Tales of the Lecrin Valley

A personal view of life in an andalusian village.

A long time ago I was taken by a friend of ours to Enrique’s bar in the Acera del Darro, for some reason also known as El Elefante.  I remember it well, as after a couple of bottles and wine and a few raciones I offered to pay.  I brought out fifty euros and was politely told that by my host that we were there at his invitation and that he would pay.  He dug one hundred and fifty euros out of his wallet and told the barman to keep the change and I decided I had better take a look at the prices of the raciones chalked up on the walls.

Enrique's fare

Enrique's fare

They were not that expensive, all around the ten euro mark, but I realised that we had enjoyed a good half-dozen of them, and that the wine we were drinking was a Reserva, and from a good bodega at that.  I must admit that it was one of the better afternoons of my life, made even better by someone else picking up the tab.  Since then I have visited Enrique’s many times, usually while I am waiting for Carmen to finish one of her mammoth shopping safaris.  It is an especially welcome place to while away some time as the beer served there is the creamiest, coldest and best in Granada, especially welcome on a hot summer’s afternoon in the high thirties.  People watching is a local pastime, and here it is made more interesting by the clientele which ranges from the elite of Granada, to bewildered, camera festooned Japanese travellers following a tapas route in their guide books, to an old ex-squaddie sipping cold beer in the corner and to the many wannabes trying to behave as if they are part of the scene.

The bar is unusual in many ways.  It opens at lunchtime and then shuts for the afternoon until it opens again in the evening. It is small, only about eight or ten metres deep by a couple or three wide.  In the summer and indeed in the winter too, a couple of barrels are placed in the street either side of the entrance to accommodate a few more customers.

Entrance to Enrique's

Entrance to Enrique's

  In fact, many people just stand around outside the bar to chat and to be seen, although in the winter this is not advisable if you are drinking cold beer and have a sensitive bladder.  The doors are always open so a good warm jacket is advised even when drinking inside.  The bar is old and traditional and has earned many accolades over the years.  It has a bar along one side which forms a ‘L’ at the end with a flap to allow access to the rear.  There are hams hanging from the ceiling, Pata Negra, of course, and an extremely good selection of wines.  There are half a dozen wooden casks of various sherries at the end furthest from the entrance, and behind the bar a watering can full of fino ready for quick replenishments, sitting in an bucket of ice.  Vermouth is a favourite of the patrons of the bar and the done thing at lunch and after work.  Personally I like my vermouth with a lot of gin and a green olive, but that is irrelevant. The toilets are accessed by lifting the flap at the end of the bar, or ducking under it if the place is full, skirting the sherry casks and going out through the back of the bar.  Once there you find the toilets to the right and beyond them a small private room for meetings of celebrations.  There is a staircase leading down to another, grander, function room beneath bar.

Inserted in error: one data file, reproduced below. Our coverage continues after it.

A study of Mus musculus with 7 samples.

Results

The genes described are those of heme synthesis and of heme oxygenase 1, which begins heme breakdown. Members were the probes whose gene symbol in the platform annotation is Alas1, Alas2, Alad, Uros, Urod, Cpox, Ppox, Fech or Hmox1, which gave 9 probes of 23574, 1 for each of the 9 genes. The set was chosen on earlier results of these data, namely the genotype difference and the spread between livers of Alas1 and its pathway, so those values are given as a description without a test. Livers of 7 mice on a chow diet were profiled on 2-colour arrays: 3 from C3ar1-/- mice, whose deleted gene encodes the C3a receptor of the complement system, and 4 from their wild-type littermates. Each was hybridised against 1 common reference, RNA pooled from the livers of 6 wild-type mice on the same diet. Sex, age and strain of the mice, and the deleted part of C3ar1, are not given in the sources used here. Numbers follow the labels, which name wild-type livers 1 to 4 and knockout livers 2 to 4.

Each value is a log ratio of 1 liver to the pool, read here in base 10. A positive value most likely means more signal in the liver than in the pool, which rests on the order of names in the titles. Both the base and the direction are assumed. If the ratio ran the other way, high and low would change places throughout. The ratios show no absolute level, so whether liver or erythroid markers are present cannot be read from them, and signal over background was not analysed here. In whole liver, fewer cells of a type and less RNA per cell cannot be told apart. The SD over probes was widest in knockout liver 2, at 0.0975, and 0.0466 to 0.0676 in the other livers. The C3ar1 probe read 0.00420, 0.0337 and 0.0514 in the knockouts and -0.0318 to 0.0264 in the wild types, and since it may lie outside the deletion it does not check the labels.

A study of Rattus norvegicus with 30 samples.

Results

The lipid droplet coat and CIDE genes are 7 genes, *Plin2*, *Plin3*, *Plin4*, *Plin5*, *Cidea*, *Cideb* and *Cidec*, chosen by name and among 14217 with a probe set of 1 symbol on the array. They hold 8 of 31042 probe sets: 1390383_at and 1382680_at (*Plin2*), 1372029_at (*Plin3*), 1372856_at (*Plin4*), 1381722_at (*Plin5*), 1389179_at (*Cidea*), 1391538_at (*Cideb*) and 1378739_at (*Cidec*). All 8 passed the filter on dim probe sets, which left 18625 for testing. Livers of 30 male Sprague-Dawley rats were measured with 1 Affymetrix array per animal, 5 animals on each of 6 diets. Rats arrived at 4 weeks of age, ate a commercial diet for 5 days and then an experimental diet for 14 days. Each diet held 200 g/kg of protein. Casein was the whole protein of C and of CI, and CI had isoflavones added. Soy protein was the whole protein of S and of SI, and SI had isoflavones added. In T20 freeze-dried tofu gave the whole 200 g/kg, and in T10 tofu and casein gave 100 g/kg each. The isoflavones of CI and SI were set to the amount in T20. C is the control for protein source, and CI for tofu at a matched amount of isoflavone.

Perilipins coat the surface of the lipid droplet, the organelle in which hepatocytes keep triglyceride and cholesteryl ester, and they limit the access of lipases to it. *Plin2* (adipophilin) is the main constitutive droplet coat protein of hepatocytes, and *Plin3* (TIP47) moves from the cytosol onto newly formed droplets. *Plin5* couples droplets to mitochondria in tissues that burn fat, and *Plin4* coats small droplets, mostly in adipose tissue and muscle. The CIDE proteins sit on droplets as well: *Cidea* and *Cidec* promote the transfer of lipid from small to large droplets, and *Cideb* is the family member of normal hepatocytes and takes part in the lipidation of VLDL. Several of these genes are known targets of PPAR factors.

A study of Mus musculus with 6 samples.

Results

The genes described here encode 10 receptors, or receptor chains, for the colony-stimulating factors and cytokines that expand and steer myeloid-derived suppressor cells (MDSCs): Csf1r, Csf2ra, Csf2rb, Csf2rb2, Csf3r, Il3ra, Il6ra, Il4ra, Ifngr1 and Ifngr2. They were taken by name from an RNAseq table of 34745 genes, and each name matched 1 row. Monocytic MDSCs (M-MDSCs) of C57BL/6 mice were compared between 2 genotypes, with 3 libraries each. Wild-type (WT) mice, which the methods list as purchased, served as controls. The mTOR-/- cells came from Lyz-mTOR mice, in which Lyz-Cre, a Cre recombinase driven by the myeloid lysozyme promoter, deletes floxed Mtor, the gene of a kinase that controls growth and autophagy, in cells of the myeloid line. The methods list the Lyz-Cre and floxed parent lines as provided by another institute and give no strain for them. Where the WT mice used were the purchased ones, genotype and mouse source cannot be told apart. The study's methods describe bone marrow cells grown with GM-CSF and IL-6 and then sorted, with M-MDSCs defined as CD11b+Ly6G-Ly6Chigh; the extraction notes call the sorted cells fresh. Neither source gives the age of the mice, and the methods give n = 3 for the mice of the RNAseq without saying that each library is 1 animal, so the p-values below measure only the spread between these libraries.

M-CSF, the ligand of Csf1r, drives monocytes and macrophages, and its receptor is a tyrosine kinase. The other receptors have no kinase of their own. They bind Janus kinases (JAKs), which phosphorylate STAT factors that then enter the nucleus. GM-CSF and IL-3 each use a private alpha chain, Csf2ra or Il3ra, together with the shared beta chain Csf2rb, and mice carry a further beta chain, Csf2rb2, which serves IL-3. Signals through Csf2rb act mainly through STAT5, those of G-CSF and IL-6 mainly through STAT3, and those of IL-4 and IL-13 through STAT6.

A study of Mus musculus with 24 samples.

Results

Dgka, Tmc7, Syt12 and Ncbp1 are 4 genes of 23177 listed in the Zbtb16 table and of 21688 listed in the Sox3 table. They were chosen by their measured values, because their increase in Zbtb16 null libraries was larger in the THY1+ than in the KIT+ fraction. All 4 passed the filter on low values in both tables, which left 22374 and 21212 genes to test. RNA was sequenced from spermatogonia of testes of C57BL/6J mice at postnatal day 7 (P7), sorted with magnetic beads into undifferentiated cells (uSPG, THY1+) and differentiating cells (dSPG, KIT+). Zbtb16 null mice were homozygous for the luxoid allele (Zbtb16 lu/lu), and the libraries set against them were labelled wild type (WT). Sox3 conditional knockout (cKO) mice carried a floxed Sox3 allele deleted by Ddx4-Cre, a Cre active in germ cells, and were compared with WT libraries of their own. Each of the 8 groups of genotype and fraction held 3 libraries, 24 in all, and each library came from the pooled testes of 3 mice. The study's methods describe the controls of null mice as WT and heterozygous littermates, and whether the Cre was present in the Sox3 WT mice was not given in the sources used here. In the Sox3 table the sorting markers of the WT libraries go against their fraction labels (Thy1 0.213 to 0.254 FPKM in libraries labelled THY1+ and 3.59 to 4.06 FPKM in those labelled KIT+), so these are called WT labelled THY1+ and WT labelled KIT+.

Jamon of distinction

Jamons of distinction

Enrique’s s unique in that it serves no tapas, probably the only bar in Granada that doesn’t.  However, the raciones are only of the finest quality, full mature cheeses submerged in jars of virgen olive oil, Pata Negra hams, fillets of tuna from the north of Spain, Norwegian smoked salmon and even pork brawn if you like that, and I do.  This is interestingly called Pig’s Cheese and that had me baffled until I asked what it was.  Luckily, Enrique himself was there that day and he cut me a slice to try.  He was delighted to find that I liked it and that my father had made it for us when I was a child, thinking that it was a Spanish speciality.  I was there the other day and again Enrique was there.  I asked which sherry he had in the watering can that day and he obligingly poured me a glass on the house.

Casks of sherry

Casks of sherry

  If he keeps letting me sample his goods this way, the next time I am there I will ask him how much money he has in the till and see if he gives me a slice of the takings.  The till, of course, is an old-fashioned brass affair with big ebony keys.

Enrique is probably in his fifties and inherited the bar from his father.  He is always smiling and makes time to talk to his clients, even if he is busy, which he invariably is.  There are a lot of photographs on the walls depicting the history of the bar, and many cuttings from newspapers extolling the virtues of the place.  Last time I was there Enrique had just returned from a couple of month’s off with a bad back, but that didn´t seem to have slowed him down at all, although he said that it had been extremely painful.  The two barmen have been there since I have been in Granada and although not as gregarious as Enrique, are quick and efficient.

I enjoy drinking there, especially in the summer as I am after all English and enjoy my beer.  In the winter I tend to go for the sherry or vermouth like the locals, mainly to give myself that satisfying inner warmth.